For centuries world leaders dreamed of the perfect bomb.  After decades of research and experimentation, the perfect bomb was created. It was the atom bomb.  It was only known to work through theory.   The atom bomb was finally tested at Alamogordo, New Mexico, on July 16, 1945.  After the first successful test, its existence was released, but how it worked was still kept a secret.
     The atomic bomb is an explosive nuclear weapon that is fueled by the fusion of specific isotopes of uranium or plutonium.  European scientists such as Albert Einstein invented the atomic bomb.  The atom bomb was very dangerous.  It had the strength of thousands of tons of TNT.   The atom bomb weighed over 9000 pounds. The atom bomb was successfully dropped on Hiroshima and Nagasaki on August 3, 1945, and on August 6, 1945.   The Japanese surrendered, and the war was ended.
     In this present time, several nations still hold nuclear arms.  They are the U.S., Russia, the U.K., France, China, India, and Pakistan.  South Africa has also admitted to constructing, yet dismantling the bombs later.  Other nations are still suspected of having secret arms.  Although some countries develop atomic bombs, new prototypes are still being tested.  Due to the conquest of power, enough atomic bombs, small and large, have been developed to destroy the whole earth.


     Before the development of the transistor, electronics  developed on the use of thermionic vacuum tubes, magnetic amplifiers, specialized rotary machinery, and special capacitors that were used as amplifiers.  American physicists
Walter Houser Brattain, John Bardeen, and William Bradford Shockley of Bell Telephone Companies developed the transistor.  The invention of the transistor led to the 1956 Nobel Prize in physics.  This was a humongous step in electronics.  Even though the transistor was invented a couple decades ago, it is still in use.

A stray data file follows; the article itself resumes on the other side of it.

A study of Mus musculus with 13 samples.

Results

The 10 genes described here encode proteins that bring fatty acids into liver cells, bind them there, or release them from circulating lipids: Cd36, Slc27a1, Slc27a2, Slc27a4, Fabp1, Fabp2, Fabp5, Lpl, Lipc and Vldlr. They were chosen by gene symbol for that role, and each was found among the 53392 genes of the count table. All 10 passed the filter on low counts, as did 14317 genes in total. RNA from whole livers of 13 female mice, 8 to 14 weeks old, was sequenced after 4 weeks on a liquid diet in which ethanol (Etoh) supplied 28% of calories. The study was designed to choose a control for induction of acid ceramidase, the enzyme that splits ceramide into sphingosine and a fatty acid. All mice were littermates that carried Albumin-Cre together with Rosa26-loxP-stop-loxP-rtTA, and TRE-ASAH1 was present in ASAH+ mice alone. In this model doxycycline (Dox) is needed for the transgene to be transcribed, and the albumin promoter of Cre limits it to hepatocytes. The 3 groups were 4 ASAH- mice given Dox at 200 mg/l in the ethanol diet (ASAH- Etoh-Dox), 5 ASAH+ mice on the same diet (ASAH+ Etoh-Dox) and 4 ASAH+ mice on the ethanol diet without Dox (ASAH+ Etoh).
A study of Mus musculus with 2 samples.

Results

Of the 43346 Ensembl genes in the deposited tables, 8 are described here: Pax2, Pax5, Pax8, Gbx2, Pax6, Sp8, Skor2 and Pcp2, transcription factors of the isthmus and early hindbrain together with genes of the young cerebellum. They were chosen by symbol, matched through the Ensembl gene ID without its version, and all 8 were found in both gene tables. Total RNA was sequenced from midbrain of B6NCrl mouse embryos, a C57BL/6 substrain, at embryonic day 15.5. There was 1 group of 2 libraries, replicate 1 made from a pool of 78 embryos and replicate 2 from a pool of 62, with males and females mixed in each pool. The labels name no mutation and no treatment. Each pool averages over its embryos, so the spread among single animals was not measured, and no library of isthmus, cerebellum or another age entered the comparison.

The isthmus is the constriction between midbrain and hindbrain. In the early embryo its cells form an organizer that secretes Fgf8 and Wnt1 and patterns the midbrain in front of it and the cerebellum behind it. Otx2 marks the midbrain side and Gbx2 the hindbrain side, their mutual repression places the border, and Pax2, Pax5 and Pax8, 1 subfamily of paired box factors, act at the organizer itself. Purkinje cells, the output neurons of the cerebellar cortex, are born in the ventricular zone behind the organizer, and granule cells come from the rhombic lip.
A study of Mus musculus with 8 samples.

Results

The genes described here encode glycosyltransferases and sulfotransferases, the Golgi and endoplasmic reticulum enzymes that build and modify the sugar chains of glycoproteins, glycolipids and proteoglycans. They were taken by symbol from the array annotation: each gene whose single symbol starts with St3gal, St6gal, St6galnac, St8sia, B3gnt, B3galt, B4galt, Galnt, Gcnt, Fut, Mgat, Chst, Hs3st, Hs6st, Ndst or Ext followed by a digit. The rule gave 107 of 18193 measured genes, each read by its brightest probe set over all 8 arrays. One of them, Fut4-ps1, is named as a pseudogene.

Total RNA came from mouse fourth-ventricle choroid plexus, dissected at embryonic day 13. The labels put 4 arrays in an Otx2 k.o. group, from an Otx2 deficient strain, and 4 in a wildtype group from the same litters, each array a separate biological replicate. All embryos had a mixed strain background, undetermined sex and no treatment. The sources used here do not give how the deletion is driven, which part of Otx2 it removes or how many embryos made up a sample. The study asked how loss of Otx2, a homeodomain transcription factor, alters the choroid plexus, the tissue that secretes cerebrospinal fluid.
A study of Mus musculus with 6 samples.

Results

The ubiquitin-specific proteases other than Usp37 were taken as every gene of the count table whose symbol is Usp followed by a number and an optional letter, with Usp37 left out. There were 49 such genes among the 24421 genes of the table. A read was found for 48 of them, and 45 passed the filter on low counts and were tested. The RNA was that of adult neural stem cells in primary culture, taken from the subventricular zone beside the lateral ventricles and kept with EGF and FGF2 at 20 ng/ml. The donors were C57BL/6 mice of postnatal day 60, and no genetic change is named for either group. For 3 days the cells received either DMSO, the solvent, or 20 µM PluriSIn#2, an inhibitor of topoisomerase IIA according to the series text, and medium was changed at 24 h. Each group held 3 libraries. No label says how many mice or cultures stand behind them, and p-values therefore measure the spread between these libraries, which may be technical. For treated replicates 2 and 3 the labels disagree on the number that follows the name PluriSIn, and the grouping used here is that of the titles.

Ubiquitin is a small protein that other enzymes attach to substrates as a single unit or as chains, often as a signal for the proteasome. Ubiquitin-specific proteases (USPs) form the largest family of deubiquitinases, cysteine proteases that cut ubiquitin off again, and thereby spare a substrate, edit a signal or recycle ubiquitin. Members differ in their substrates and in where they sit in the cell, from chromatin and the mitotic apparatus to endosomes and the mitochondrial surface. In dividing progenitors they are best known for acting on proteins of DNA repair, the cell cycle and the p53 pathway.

Transistors are still used in such electronics as computers, phones, radios, and any other type of electronic device.  The circuit was later invented about a decade after the transistor.  As one can see, the transistor has paved a way for many revolutionary improvements.  The transistor will probably continue to be used into the 21st century and beyond.


     Laser stands for light amplification by stimulated emission of radiation.  Arthur Leonard Schawlow and
Charles Hard Townes, both American physicists, on their 1958 patent application, outlined the principles of lasers.  The patent was granted, but later the American physicist and engineer Gordon Gould challenged it.  In 1960 Theodore Maiman observed the first experiment of laser action in a solid ruby.  In 1961, Iranian-born American physicist, Ali Javan, developed the helium-neon gas laser.  Then in 1966, American physicist Peter Sorokin, developed the liquid laser.  The construction of the laser was completed.
     Lasers are still used.  They are used in such areas as industries, medicine, communication, scientific research, the military, and in the arts.  It is a very useful instrument, and it will continue to be used for centuries to come.